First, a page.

None of the iconic characters from the Looney Tunes canon appear. Instead the hero is a wacky worm on the end of a fisherman's hook. The fisherman lowers the worm into the water, whereupon the worm engages in various hijinks to get the fish on the hook. Once he makes himself the meat in a sandwich, once he impersonates a mermaid, once he basically dares another fish into biting. The worm's hijinks are interrupted when he encounters a crab who tries very hard to eat the worm.

Second of two appearances for the nameless worm, who first popped up in 1941 Looney Tunes short "The Wacky Worm".



  • Battle Discretion Shot: Sets up the closing gag. The worm tells the crab that he's going to beat the crab up. He then tells the audience that the camera is going to pan up, in order to avoid exposing them to violence. The camera then goes to the surface to show the water foaming from combat. Finally the fisherman, revealed to be Jerry Colonna, pulls up the worm, who's on a stretcher and covered in bandages.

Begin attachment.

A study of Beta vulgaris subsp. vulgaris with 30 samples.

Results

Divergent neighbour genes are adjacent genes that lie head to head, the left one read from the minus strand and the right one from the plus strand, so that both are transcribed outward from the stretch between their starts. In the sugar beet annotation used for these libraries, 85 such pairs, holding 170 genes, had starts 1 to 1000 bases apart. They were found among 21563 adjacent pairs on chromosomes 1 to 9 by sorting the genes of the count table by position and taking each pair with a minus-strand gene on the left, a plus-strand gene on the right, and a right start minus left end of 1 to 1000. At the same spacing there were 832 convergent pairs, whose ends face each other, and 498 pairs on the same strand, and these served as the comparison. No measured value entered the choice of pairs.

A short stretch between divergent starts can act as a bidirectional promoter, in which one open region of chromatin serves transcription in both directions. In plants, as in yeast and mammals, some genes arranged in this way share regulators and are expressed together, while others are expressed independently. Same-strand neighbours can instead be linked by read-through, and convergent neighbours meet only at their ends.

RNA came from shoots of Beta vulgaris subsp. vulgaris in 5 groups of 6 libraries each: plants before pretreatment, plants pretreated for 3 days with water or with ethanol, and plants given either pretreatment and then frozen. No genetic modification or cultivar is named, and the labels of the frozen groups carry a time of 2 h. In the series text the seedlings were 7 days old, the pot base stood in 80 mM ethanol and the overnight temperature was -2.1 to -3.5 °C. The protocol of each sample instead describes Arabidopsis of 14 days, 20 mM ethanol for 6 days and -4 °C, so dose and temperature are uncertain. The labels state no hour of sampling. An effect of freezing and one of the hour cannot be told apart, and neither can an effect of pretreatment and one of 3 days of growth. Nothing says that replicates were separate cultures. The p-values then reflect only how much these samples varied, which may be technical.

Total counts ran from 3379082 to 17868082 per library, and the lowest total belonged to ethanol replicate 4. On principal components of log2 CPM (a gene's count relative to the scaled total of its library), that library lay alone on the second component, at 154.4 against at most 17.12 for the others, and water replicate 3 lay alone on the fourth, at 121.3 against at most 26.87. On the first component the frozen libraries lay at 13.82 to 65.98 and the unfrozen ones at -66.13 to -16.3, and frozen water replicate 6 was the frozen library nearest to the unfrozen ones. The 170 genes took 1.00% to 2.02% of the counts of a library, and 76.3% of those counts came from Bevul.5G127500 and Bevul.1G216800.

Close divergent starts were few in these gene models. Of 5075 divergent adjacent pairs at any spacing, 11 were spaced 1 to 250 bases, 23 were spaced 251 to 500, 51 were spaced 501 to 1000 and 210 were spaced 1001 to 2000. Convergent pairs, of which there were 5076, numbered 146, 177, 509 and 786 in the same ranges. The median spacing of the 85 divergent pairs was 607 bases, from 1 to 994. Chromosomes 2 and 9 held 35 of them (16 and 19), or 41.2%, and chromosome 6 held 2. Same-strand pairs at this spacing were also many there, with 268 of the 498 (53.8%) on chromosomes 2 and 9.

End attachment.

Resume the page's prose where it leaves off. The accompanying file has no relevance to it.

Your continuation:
Worm: I could be wrong, y'know...
    Colonna: Ah yes! Embarrassing, isn't it?
  • Breaking the Fourth Wall: The worm addresses the audience right before the climactic fight.
  • Eye on a Stalk: The crab has them. This leads to a clever shot when the crab approaches an old trunk sitting at the bottom of the water, and sends one eye around each end of the trunk, bifurcating his vision.
  • The Hunter Becomes the Hunted: The worm, who has been busy getting fish onto the hook, has to run for it when a crab comes after him.
  • Impairment Shot: Blurred shaking vision from the crab after he goes hurtling into a rock while chasing the worm.
    • Also a weird, crumpled image of the worm after he's tied the crab's eyes together around the trunk.
  • No Celebrities Were Harmed: The fisherman is revealed at the end to be a cartoon Jerry Colonna.
  • Shout-Out: The worm and the fisherman are both cartoon caricatures of Jerry Colonna, who is pretty much forgotten in latter days but in that era was a comedian and star of radio and movies (he was a regular on Bob Hope's radio show). The title is a pun on Colonna's Catchphrase, "Greetings, gate!"
  • Split Screen: This effect is produced when the crab extends one eyeball around either side of a trunk.
  • Two-Act Structure: The first part is the worm trying to bait fish, the second part is the worm fleeing from the crab.